I remember Ash Wednesday like it was yesterday. The 16th of February 1983. It was my grandmother’s 67th birthday. I rode my bike to school that day so when Mum walked into my year 6 classroom to collect me, I knew something must be wrong. Within twelve hours, more than 180 fires fanned by gale force winds had left a path of destruction spanning from South Australia where I grew up, right through to Victoria. Years of severe drought and extreme weather combined to create one of Australia’s worst fire days in a century. There were 28 deaths in South Australia that day, and 47 in Victoria, including 14 CFA and 3 CFS volunteer fire-fighters.
The fire was extinguished before it reached our town, but as a young child it scarred me. “It” wasn’t just one day, but years punctuated by death and destruction and recovery. Entire towns had been wiped out and swathes of farmland razed, left desolate of life. My Dad worked for months afterwards, cutting down the burnt pine forests, only returning home every few days literally black with caked-on soot. The impact of the fires was inescapable.
And so I’ve spent a lifetime terrified, and somewhat obsessed, by bushfires.
After the Black Saturday fires, I took on a worker at our farm whose wife and two young sons died on that horrendous day. They had a bushfire survival plan, but when fireballs grew taller than skyscrapers upon the horizon, they realised it wouldn’t be safe to stay. Rod ran out to the shed to fetch the car but by the time he got back the house, they were gone. 173 lives were lost that day.
Bushfires are ferocious and awful and cruel, and in our rugged Australian landscape they are as inevitable as drought and flood. As I write this, our farm in the NSW Southern Highlands sits at the epicentre of three separate fire fronts. Of course, I’m hoping they won’t reach us. Or at least will travel slowly enough to allow livestock and wildlife to retreat, and firebreaks around buildings to be effective. But for now, all I can do is follow my fire plan and the advice of our local Rural Fire Service, who are doing a superb job of keeping us informed and safe. Not just this week or this month, but all year round.
It’s a stressful and frightening and exhausting time. Many of the towns where lives and homes have been lost are very familiar to me. But what makes it even harder is the opinion being sprouted in the media and online by every man and his dog, all playing the blame game and making demands about what should be done. Even though most of them have no flaming idea of the complexities at play.
They’re so sure that they’re right, it doesn’t enter their consciousness to consider an alternate point of view. And why is that? Because ignorance cannot recognise itself.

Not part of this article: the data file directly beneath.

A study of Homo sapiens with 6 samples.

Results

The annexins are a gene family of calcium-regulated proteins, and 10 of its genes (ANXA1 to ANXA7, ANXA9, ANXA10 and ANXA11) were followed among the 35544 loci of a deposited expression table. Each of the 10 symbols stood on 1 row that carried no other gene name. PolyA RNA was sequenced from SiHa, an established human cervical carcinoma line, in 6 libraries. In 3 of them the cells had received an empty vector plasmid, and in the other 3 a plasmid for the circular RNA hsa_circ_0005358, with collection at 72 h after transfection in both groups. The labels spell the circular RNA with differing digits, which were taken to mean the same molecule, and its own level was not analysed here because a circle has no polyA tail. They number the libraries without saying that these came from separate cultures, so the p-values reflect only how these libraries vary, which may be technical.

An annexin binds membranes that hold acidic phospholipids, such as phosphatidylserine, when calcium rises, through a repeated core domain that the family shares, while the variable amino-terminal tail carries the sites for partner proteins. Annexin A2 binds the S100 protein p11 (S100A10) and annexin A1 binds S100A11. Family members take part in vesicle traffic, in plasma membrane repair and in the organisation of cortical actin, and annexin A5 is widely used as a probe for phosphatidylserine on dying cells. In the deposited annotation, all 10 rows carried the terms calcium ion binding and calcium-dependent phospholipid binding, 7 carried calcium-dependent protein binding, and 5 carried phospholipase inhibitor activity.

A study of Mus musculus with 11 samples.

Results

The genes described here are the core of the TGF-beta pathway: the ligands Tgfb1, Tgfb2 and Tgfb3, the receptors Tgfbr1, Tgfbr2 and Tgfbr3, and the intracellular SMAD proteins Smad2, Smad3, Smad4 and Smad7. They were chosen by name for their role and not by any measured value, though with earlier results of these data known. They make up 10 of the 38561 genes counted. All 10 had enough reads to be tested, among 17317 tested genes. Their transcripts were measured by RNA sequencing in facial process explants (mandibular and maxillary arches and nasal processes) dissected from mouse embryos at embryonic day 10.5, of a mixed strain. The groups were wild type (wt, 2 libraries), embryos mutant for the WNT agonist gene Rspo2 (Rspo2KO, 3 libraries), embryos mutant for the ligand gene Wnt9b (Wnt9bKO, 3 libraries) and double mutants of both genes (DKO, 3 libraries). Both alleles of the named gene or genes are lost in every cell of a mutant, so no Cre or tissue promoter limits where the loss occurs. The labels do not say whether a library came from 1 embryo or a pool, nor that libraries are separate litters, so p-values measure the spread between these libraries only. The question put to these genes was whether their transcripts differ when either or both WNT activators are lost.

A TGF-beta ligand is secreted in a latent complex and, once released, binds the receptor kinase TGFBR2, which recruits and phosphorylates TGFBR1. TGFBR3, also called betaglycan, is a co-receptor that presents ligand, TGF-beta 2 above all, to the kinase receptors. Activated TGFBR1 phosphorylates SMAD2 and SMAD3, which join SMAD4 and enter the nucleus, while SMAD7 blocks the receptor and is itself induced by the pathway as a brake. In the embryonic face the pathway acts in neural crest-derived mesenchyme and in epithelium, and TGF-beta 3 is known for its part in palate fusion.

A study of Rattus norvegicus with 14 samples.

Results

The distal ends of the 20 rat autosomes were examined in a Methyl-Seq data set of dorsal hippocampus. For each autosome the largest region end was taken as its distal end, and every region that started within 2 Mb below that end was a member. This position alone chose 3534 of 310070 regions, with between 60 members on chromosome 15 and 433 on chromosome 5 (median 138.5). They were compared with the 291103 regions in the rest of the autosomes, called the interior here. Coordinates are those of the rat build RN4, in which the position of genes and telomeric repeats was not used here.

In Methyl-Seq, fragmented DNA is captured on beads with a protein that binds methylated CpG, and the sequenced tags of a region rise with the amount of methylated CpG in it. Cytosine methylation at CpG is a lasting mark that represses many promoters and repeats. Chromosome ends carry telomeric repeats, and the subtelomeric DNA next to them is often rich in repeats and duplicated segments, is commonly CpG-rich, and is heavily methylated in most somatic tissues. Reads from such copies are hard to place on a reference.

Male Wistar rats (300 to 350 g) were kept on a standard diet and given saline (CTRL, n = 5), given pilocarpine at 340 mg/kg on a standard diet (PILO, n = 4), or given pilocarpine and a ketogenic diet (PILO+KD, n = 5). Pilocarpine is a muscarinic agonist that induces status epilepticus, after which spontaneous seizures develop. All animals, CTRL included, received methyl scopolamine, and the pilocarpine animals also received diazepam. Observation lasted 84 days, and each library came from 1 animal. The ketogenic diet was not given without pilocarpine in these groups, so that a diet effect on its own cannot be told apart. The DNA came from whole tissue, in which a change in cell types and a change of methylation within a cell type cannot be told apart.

Of course, it’s not just about the fires. All around us, across all facets of life, we see examples every day of people who simply do not possess the skills needed to recognise their own incompetence or lack of knowledge. They’re ignorant, but they don’t know what they don’t know.
This form of cognitive bias has a name: the Dunning-Kruger Effect. What psychologists David Dunning and Justin Kruger identified in their research is that people who are less competent consistently over-rate their abilities while – paradoxically – those with higher levels of expertise tend to under-rate them.
And, as the level of knowledge and capability increases from zero up, the level of confidence will actually drop as the individual begins to appreciate just how much they have to learn; and only rebuild as a level of expertise is attained.
In other words, the less we know, the more confident we are; and the more we learn, the more we realise there is to learn.
The RFS and Fire and Rescue – along with all our emergency services and first responders right across Australia’s fire affected areas – have done a sterling job. It’s not over yet, but when you consider the loss of life this summer as compared with other catastrophic bushfires, it’s really quite remarkable. And this has much to do with what we’ve learned from past disasters, from the emergency services and systems that have been put in place, and from the expertise that has been developed across our agencies to plan for and manage our fire seasons, which are increasing in intensity.
So, if you have time on your hands and feel compelled to offer advice about the current bushfire disaster, can I suggest that you stop and think twice. It might be that you don’t know what you don’t know, and perhaps a simple “thank you” to our frontline may be more appropriate.